Mindfulness Meditation

Do you struggle with the company you keep in those empty moments…..? meaning yourself, and then seem to have a lot on your mind, or even look for things to fill your mind with; such as thoughts, images and fantasies, emotional reactions, or external stimulus, in order to avoid what may be going on inside you? If so, you would be quite normal, but this does not necessarily lead to peace of mind, even though your distractions may seem to temporarily provide relief. In a busy and frantic world it is seldom realised that the mind, too, needs to come to rest.

It is important to learn how to befriend our inner world. This brings us into a better relationship with what is happening inside us and leads to greater self awareness and self acceptance. Greater awareness allows greater choice and this is empowering. As we befriend the empty moments, we may find that the mind can become peaceful and the body at ease. We may also find that the mind can become agitated and the body restless. There may be thoughts that judge or even ridicule ourselves or others. Sometimes there can be feelings that need careful empathic attention. When we can calmly abide with ourselves without judgment, while directly experiencing our breath, our body, and the arising and passing of thoughts, feelings/sensations and emotions, whatever they may be, we will find an inner stability.

This is the path of Mindfulness meditation. Mindfulness is a meditative practice which is over 2500 years old and is practised by most spiritual traditions. It has also become a secular practice in the modern world and is embraced by the NHS. It benefits are widely recognised by many therapeutic models, and it has also been researched and documented in the field of neuroscience. Scientists claim that the regular practice of Mindfulness meditation can literally restructure the brain.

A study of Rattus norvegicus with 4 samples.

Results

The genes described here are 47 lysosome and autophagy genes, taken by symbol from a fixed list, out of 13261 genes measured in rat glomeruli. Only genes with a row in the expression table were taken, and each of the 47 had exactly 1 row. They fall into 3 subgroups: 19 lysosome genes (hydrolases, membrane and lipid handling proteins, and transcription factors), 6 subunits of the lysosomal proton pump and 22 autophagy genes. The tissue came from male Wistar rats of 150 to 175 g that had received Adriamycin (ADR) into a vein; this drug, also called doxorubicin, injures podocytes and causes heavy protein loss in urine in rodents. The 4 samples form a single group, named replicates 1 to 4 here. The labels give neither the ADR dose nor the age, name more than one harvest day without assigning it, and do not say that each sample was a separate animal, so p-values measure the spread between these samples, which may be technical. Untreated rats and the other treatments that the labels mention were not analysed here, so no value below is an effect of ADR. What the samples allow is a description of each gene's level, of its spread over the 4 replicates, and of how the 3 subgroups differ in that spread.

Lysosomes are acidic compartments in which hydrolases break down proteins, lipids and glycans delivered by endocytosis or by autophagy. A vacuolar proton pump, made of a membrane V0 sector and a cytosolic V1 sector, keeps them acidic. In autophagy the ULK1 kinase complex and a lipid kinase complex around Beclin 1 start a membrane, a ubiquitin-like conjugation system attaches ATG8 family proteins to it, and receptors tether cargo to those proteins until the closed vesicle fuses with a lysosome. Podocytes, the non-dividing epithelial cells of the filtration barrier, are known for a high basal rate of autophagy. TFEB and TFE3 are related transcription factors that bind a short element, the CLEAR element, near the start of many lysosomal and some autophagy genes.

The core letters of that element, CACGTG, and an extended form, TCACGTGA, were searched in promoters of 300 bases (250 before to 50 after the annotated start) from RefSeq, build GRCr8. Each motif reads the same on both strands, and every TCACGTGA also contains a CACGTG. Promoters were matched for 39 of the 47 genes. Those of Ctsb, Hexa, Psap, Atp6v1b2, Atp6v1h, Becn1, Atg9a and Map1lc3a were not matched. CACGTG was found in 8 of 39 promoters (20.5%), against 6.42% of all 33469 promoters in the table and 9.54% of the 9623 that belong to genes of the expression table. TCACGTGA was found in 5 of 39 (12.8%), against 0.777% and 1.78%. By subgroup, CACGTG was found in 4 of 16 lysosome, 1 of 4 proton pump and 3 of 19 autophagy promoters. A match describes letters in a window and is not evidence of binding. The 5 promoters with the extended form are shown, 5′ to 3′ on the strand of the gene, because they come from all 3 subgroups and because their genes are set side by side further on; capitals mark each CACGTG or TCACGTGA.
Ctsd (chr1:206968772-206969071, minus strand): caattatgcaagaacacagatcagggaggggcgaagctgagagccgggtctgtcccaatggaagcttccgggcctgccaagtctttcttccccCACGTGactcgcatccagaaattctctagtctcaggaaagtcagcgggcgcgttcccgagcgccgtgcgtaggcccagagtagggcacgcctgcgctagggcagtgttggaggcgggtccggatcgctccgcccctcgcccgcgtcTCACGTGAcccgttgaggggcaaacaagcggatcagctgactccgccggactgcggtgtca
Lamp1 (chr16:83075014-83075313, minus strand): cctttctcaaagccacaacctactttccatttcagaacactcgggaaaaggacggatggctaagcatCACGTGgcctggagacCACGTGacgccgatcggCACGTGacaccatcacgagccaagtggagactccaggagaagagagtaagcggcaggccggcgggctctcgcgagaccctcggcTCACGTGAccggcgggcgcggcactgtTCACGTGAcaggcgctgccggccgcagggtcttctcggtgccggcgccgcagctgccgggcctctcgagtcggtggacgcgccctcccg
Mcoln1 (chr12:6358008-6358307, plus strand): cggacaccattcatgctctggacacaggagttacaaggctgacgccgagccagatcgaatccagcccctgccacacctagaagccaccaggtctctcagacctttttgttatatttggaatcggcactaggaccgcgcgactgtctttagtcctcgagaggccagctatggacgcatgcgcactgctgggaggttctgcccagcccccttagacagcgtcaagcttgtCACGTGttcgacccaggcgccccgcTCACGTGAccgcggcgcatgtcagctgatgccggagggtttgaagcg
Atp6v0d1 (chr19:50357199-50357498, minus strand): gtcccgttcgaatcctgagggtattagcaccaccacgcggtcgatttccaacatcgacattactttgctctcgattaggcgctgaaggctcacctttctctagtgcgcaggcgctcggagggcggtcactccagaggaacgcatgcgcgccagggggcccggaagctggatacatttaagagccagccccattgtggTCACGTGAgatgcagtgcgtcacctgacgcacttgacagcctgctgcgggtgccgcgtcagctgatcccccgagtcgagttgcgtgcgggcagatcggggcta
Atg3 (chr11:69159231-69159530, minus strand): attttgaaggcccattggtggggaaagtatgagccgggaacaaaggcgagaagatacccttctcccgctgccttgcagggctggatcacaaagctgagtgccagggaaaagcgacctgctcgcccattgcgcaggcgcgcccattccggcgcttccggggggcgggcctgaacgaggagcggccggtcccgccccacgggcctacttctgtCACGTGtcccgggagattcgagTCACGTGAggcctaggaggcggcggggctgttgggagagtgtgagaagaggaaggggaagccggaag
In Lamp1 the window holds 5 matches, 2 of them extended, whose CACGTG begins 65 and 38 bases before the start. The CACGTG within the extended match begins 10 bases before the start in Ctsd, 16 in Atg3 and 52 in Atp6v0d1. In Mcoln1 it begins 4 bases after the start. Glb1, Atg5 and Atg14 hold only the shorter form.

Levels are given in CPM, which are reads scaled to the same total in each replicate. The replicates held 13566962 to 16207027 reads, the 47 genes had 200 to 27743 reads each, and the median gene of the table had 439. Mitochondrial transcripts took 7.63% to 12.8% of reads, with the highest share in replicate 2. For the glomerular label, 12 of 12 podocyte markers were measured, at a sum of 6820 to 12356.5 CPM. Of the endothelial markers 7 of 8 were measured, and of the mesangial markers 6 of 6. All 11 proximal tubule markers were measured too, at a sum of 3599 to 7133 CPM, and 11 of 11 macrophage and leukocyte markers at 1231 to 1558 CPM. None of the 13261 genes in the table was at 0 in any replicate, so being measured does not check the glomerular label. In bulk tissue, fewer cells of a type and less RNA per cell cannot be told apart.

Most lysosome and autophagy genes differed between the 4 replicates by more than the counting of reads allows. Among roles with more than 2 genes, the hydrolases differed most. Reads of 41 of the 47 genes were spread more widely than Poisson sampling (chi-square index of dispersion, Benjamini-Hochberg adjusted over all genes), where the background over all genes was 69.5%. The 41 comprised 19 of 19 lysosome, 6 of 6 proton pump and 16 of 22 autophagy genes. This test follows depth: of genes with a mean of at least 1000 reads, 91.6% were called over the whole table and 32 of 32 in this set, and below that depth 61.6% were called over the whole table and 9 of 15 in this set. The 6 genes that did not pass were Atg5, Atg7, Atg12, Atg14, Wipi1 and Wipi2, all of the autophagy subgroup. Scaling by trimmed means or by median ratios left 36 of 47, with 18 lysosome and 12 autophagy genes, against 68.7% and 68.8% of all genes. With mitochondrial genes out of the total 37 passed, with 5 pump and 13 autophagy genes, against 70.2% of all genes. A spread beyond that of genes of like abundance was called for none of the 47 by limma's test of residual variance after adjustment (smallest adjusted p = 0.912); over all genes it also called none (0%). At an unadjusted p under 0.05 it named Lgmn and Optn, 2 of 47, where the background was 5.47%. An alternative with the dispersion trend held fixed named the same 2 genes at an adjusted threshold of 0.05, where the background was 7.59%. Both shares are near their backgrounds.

I think of Mindfulness as a practice of self care, self honouring and self appreciation. It is a simple practice of just sitting still and paying non judgemental attention to the breath and the body. It is so simple that our minds which have been conditioned toward distraction make this practice seem quite complex and difficult. Its takes practice, persistence and above all patience. Patience brings us into the here and now. Our impatience is often the result of our difficulty in tolerating our here and now experience.

Click here for a simple instruction to get you started.

For details of my six week course, click here.